Prefer narrative structure to the inverted pyramid

Journalists began structuring news stories with the inverted pyramid around the middle of the 19th-century, when the telegraph rewarded brevity and newspaper style morphed from point-of-view asserting to factual reporting.


The inverted pyramid—lead comprising who-what-when-where-why first, less essential details next, least important facts last—made sense in a world of pasteup. Columns of text were printed, waxed and pasted onto a board. These columns were subject to editing with a knife prior to deadline. Portions of the column were cut away to make room for an advertisement or other content. The inverted pyramid made the cutting easy. The page composer knew to cut bottom up, thus preserving the more important parts of the story.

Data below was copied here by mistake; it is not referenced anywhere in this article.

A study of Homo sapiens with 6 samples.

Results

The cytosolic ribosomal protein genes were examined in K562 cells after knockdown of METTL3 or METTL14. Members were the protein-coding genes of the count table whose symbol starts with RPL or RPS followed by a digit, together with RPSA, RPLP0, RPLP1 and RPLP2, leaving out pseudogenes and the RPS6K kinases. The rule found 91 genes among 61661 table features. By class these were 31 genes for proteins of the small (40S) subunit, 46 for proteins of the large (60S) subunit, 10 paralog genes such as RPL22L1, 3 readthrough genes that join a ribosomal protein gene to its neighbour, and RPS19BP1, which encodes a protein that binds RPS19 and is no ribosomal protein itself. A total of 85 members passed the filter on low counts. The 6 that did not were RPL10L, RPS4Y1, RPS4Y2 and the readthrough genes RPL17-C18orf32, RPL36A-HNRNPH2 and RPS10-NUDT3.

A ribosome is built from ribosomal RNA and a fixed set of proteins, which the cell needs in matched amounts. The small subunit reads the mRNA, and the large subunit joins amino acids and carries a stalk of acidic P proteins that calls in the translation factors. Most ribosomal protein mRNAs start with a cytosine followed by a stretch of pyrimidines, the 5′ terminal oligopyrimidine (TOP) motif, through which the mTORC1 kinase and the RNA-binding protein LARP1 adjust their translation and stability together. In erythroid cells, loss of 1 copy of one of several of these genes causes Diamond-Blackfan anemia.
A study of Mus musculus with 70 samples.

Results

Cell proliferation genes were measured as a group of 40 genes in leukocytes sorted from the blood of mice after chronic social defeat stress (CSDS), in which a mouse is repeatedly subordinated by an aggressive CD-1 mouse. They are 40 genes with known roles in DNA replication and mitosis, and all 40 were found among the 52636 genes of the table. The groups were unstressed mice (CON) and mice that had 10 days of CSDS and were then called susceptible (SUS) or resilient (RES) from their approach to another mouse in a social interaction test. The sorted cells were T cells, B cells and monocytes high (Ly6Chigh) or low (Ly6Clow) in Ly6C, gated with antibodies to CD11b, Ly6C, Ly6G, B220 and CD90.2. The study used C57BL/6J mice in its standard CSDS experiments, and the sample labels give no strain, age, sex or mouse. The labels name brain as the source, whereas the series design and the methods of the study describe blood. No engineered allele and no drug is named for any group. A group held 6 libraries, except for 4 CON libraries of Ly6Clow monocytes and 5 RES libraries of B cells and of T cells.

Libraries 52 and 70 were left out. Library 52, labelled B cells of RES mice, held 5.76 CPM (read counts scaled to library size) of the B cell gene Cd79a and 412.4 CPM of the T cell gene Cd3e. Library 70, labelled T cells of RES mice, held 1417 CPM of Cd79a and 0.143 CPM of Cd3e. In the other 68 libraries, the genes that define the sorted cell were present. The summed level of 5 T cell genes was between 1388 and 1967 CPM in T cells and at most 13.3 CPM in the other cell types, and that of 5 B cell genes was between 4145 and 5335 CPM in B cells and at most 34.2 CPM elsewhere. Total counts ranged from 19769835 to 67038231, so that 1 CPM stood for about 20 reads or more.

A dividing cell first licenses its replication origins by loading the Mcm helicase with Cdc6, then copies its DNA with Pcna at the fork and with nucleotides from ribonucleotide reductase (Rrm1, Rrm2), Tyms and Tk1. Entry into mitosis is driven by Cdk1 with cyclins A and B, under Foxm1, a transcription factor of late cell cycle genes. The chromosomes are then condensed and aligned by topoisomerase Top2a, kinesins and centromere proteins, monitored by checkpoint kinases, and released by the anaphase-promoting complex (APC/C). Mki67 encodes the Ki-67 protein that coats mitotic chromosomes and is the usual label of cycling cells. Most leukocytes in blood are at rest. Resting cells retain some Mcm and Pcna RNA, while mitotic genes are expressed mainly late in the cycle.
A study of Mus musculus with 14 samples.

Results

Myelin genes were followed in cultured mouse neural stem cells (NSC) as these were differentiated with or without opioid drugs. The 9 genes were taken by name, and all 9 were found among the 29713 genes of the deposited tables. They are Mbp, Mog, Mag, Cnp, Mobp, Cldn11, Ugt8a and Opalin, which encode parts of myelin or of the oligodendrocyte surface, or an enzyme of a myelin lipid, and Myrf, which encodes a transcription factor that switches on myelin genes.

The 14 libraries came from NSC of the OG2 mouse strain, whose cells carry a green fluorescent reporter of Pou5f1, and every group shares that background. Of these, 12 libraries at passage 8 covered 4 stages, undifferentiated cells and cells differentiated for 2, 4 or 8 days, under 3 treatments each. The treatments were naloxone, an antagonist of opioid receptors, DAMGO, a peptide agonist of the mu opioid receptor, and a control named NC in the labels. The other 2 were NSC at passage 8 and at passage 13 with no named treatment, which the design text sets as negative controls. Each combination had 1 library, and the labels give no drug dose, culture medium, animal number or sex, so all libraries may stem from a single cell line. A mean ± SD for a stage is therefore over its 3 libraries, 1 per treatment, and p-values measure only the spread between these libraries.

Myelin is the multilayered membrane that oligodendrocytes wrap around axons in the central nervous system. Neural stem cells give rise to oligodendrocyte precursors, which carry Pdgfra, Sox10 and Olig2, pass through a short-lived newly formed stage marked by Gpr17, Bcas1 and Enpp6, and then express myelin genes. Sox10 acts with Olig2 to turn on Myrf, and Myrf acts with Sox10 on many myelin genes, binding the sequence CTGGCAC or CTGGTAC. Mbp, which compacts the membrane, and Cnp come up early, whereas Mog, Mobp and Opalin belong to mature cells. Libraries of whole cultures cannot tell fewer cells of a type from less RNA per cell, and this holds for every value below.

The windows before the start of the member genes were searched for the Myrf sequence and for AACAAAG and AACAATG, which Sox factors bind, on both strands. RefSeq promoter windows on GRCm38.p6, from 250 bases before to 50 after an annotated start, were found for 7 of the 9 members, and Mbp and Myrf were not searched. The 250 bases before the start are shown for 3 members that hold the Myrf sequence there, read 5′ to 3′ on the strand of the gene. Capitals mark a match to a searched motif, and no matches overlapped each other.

Outside of history classes and museums, that world is gone. Digital devices don’t require cutting articles from bottom up to fit all content into a prescribed height. Today’s tools of production and consumption open new options for structuring content.

Some argue that the inverted pyramid is still appropriate in news posts. Perhaps. But not best. Even for brief posts, prefer narrative structure.

We humans are inherently storytellers says Walter Fisher, the late professor at the USC Annenberg School for Communication and Journalism and pioneer of communication theory the Narrative Paradigm. We reason, value and act according to internal worlds formed and shaped by stories—by narratives rooted in the experiences stored in our brains.

For strategic communicators, this is good news, as every story has the same structure: setting, character, plot. I fail to see why we should rely on a content structure fashioned for the telegraph and perfectly suited to an extinct publishing world when we have such a powerful alternative at our disposal.